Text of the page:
The next big thing is apparently so big that Samsung is skipping a number. The company has announced that it's holding an event Aug. 2 in New York for the Galaxy Note 7 launch. No, it's not Galaxy Note 6, but 7.

The image shows the words "7 Unpacked 2016" next to an S Pen. So Samsung is very much sticking with the stylus on its powerful phablet, which has been geared toward enhancing productivity and creativity ever since the line's inception back in 2011. You know, back when 5.3-inch phones were called "enormous" and "obnoxiously big."

MORE: Galaxy Note 7 Rumors - Get the Full Scoop

Samsung jumping from the current Galaxy Note 5 straight to the Galaxy Note 7 makes sense for marketing reasons. The Galaxy S7 and S7 Edge have been blockbuster hits for the company, and Samsung doesn't want to make the upcoming Galaxy look like it's a step behind its other flagships. In fact, because the Galaxy Note line is released later in the year, it usually has more advanced technologies than the Galaxy S line. The Galaxy S8 would then leapfrog the Note 7 next spring.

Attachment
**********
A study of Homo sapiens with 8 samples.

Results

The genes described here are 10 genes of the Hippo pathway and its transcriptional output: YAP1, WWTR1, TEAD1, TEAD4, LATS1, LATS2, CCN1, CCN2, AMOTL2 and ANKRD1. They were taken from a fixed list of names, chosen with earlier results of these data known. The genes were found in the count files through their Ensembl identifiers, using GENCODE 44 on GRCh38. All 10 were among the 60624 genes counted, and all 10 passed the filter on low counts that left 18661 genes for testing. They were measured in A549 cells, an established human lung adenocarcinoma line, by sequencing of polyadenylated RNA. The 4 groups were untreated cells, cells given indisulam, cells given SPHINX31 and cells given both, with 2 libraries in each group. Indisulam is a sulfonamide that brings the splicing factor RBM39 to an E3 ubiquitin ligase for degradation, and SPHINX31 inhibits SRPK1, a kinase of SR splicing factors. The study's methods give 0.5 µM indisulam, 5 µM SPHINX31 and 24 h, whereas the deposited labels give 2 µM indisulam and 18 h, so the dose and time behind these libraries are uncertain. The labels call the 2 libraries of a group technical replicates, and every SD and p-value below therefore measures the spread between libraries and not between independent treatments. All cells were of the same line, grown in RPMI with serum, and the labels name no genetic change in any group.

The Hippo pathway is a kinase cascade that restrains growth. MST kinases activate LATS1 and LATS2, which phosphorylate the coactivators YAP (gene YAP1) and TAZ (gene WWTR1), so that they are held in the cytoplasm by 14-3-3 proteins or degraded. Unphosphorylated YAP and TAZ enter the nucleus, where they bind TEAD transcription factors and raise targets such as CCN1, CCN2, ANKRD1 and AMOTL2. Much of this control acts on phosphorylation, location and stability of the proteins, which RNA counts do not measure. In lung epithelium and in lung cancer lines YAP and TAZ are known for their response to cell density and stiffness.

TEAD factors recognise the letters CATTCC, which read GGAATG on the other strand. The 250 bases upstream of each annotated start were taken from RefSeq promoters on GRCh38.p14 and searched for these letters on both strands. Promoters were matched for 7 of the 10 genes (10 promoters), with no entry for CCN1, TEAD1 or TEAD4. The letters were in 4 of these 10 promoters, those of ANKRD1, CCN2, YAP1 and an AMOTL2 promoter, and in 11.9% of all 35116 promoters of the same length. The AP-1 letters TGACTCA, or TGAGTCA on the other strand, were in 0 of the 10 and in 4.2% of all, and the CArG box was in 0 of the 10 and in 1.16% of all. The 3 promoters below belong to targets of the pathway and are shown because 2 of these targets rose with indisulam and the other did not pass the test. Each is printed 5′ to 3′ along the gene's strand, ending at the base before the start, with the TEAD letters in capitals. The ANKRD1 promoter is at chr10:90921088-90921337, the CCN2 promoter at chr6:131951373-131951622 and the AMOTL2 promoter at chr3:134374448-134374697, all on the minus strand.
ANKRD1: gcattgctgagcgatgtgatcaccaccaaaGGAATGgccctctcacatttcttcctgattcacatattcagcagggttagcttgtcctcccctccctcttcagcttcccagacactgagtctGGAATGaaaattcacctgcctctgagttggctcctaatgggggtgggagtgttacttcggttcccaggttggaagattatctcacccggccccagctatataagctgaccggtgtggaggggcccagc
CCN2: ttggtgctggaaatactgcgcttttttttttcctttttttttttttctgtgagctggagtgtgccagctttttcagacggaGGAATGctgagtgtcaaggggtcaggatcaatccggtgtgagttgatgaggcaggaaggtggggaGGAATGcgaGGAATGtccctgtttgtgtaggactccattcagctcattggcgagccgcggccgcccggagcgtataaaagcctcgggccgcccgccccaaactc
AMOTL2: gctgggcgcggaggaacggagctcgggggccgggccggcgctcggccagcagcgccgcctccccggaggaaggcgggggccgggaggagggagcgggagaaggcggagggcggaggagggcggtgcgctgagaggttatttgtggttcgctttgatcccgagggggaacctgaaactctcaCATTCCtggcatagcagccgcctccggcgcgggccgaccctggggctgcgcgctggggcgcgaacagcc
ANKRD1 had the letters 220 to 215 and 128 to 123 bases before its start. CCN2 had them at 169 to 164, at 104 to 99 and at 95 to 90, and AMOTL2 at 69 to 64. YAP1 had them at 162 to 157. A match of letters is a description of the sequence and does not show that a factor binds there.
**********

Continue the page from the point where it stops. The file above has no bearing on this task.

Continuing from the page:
There's another reason for Samsung to skip the Note 6 and jump to 7. The iPhone 7 is expected to launch this fall — Apple has held its launch event in September in recent years — and a Note 6 might lend the impression that Samsung's uber phablet was behind the curve.

What should shoppers expect from the new Note? Based on various reports, the Note 7 should sport a dual-edge curved display, an iris scanner for easy phone unlocking (no more pin codes!) and possibly a USB-C port. Other rumors point to a water-resistant design, which makes sense given the S7's ability to shrug off water and microSD Card expansion.

What's definitely up in the air is the Note 7's other specs. Some rumors say the flagship could boast 6GB of RAM, while other reports say it's only 4GB (which would be the same as the S7). And while Samsung might be able to squeeze a new Snapdragon 821 processor into this handset, leaked benchmarks indicate that the current Snapdragon 820 will be under the hood.

Mark Spoonauer

Mark Spoonauer is the global editor in chief of Tom's Guide and has covered technology for nearly 20 years. In addition to overseeing the direction of Tom's Guide, Mark specializes in covering all things mobile, having reviewed dozens of smartphones and other gadgets. He has spoken at key industry events and appears regularly on TV to discuss the latest trends. Mark was previously editor in chief of Laptop Mag, and his work has appeared in Wired, Popular Science and Inc. Follow him on Twitter at @mspoonauer.